Whilst looking for New York pictures on the web, a place I have imagined in my mind for many years. I came across an excellent photoblog called "New York Daily Photo" by Brian Dubé.
Brian's blog is designed to show New York in all its glory and with all its warts and all, as they say. It certainly does that via his excellent use of photography and his very enlightening and let me say entertaining narrative.
Urban and street photography can be quite challenging in the respect of capturing an image that not only illustrates the scene but also attractive to the eye, Brian's work does both.
His New York Pictures stand out from the rest for various reasons. They are varied in subject matter, they are well framed and they show a creative aptitude often missing in city-based photography.
I asked Brian a few questions about his photography and how he approaches his subject matter. I think you will find it as interesting as I did.
When did you first take up photography and what was it that first attracted you to it?
I have had some interest in photography since I was in 8th grade. However, most of my photography as an adult was taken when I was on vacation. I was not particularly serious until start of this photoblog in March, 2006.
Are there other photographers whose work or style you admire and if so who and why?
I do not study the works of others - perhaps I should do this more but I worry about being overly influenced to copy the work of others. I do like Steve McCurry's work.
What camera equipment do you use?
I started the blog with a Canon S400. After sometime, I purchased a Canon 30D with 2 basic lenses (17-85mm zoom and a 50mm fixed).
I recently upgraded my point and shoot to a Fuji Finepix. I try to not get too involved with equipment - it is easy to get very distracted and loose sight of the goal.
This is particularly important for me since I do love the technical side of things and equipment. But some of my most successful blog postings have been shot with a point and shoot.
You live New York, USA and your daily blog New York Daily is a photographic record of your life there and the ever changing city environment around you.
One of the things that really caught my eye about your work is that you seem to be able to jump from subject matter to subject matter with equal creativity, creating a unique collection of New York pictures.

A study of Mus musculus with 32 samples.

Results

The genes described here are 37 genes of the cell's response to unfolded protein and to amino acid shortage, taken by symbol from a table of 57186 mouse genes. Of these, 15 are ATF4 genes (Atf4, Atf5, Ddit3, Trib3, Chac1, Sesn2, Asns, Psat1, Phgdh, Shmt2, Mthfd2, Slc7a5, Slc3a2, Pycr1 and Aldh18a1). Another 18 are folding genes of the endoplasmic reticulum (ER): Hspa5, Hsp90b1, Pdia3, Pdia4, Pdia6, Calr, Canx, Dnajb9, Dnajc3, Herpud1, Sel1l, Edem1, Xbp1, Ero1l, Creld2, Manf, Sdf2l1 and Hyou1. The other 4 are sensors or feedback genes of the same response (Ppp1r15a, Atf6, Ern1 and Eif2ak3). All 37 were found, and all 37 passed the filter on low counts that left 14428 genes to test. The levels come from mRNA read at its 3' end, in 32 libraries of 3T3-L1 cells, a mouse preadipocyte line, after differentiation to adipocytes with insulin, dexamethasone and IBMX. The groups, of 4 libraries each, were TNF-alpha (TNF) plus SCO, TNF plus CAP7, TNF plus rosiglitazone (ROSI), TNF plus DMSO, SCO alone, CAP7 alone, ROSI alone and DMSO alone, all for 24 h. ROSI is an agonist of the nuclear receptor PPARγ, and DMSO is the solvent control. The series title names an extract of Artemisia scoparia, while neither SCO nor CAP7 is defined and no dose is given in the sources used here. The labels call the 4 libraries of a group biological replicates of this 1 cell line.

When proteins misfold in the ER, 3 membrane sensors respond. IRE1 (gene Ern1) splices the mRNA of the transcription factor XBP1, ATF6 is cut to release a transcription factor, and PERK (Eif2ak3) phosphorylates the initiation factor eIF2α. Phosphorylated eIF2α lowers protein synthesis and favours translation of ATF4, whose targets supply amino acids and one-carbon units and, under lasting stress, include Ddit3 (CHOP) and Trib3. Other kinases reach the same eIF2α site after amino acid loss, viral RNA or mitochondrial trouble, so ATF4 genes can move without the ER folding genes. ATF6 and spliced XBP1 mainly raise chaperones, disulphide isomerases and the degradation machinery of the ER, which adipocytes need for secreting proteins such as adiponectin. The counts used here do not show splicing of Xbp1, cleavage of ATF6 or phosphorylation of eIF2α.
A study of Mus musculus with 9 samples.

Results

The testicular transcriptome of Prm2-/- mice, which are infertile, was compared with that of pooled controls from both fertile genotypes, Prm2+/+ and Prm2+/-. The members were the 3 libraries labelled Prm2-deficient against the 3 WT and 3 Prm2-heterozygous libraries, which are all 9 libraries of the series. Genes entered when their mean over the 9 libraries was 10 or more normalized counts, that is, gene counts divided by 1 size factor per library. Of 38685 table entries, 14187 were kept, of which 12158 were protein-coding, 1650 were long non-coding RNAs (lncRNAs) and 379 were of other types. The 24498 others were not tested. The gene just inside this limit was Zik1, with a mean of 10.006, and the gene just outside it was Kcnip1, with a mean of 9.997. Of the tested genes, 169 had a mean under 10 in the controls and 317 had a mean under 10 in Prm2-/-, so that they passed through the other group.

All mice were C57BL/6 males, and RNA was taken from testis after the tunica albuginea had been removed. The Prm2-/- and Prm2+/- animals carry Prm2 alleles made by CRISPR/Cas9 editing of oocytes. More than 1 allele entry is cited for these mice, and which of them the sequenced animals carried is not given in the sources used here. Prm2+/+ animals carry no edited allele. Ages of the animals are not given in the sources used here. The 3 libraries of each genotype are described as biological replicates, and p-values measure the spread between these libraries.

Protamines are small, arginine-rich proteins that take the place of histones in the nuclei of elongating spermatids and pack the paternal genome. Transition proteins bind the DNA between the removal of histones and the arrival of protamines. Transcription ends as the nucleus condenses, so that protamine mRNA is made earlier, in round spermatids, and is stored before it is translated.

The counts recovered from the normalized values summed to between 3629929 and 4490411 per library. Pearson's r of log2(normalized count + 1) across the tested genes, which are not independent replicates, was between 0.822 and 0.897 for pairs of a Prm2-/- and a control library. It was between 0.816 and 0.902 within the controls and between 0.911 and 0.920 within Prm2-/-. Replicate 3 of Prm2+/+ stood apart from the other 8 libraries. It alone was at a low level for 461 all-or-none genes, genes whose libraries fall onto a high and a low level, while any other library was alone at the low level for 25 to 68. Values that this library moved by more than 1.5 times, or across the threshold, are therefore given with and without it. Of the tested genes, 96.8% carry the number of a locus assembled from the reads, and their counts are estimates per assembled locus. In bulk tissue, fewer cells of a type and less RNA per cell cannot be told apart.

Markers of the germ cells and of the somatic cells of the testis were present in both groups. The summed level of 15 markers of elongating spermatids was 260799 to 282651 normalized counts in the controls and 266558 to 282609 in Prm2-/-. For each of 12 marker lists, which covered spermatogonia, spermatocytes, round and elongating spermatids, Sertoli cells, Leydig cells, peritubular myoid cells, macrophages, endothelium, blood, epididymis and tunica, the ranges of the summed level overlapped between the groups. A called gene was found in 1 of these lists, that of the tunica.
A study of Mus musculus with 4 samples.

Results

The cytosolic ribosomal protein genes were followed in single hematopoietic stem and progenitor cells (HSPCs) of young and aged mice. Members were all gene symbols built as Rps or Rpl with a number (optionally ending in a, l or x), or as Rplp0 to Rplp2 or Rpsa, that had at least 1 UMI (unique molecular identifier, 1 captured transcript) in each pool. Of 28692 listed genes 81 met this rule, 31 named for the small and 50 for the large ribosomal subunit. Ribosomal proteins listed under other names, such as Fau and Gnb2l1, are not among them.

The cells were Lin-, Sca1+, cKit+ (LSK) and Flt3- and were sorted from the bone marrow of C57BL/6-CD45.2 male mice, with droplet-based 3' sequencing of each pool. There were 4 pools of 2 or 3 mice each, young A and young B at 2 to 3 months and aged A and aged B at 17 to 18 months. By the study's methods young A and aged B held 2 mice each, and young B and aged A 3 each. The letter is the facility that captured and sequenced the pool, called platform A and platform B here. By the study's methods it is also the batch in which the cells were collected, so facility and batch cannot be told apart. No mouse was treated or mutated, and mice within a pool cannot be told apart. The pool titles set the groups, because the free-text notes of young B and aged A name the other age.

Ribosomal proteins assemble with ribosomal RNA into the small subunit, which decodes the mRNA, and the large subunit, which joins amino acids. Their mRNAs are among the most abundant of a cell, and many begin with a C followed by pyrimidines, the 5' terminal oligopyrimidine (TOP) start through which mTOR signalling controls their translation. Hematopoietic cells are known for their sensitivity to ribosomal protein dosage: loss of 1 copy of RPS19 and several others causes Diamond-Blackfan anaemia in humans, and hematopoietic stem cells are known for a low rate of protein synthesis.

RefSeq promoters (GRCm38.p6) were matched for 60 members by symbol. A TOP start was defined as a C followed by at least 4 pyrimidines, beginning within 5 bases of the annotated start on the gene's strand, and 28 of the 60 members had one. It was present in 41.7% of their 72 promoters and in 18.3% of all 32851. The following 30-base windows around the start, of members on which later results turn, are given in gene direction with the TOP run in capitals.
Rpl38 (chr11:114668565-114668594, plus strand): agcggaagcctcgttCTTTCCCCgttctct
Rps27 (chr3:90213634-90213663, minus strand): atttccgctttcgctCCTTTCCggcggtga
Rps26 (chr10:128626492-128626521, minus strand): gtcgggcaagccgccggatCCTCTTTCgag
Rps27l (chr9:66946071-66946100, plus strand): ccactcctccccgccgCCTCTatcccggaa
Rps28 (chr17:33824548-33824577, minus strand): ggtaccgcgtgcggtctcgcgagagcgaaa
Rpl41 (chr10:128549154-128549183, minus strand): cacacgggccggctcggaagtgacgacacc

For instance your great picture called "Devil ups the anti" a study of neon lights at night as opposed to " "Lost and Found" a study of a china cat placed so carefully on the sidewalk. Both so technically and creatively different, yet both so engaging in quality and subject matter.
Can you tell us a little about how your city environment inspires your work and how you approach photographing it?
To be honest, I have always had a very broad range of interests and pursuits. I love extreme diversity and juxtaposition of contrasting elements. For example, one of the first postings I had in mind was the live poultry shop on the lower east side. In my mind's eye at the time was the image of the Waldorf Astoria hotel and the fact that you could take a short subway ride between the two.
In the East Village you have Hispanic community gardens and multimillion dollar condos. The bucolic Ramble in Central Park or the dynamism of the city streets just a short stroll away. In the subway you can find the Mayor of New York City and the homeless.
I've witnessed gunshots in Washington Square Park and someone stopping all the chess clocks so that the games can continue unfettered after the smoke cleared. Where else will you find this?
At this point, my postings are driven more by the text than just a photo. So, I really look for a story everywhere I go. I have many ideas in my mind and I am just looking for the situation that illustrates it.
A good example is the recent posting on Ugg boots (Ugg-ly). I have been astonished at how many people are wearing these boots and have been waiting for an opportunity.
I notice from your profile that one of your interests is design/architecture. This is also one of my favourite photographic areas and find that I am drawn particularly to modern glass and steel structures.
Do you have a particular approach to photographing architecture i.e. do you prefer to keep the images realistic, or like me, do you prefer to let the detail and light create the image.
I love buildings but this has not been of great interest to my visitors so I have limited the number of posts on architecture.
My approach is relatively straightforward with most buildings - if I can get dramatic lighting I will always try. I do plan times of day, making note before I go out to shoot where the sun will be.
I love night shots and will often photograph buildings at night. New digital cameras have excellent low light sensitivity
Finally I always like to ask interviewees to pass on a little of their experience of photography to beginners particularly to those exploring the subject of urban photography. If you could give one piece of advice to a beginner in this area what would it be?
Not to sound clichéd, but I believe in making a picture, not taking one. Careful composition and thought about the subject rather than the shotgun approach - digital equipment is a dangerous tool in this regard.
With no costs in film or processing, many photographers take an enormous number of photos of each subject, in the belief that with enough shots you are sure to get a good one. Personally I don't want to weed through thousands of trashy images.
If you to want to see more unique New York pictures, then visiting Brain's Photoblog is a must. Go to "New York Daily Photo" and experience New York City through the eyes of a creative photographer.
Don't forget bookmark it as I have done and visit, well, daily, to get a regular dose of unique New York pictures and insights.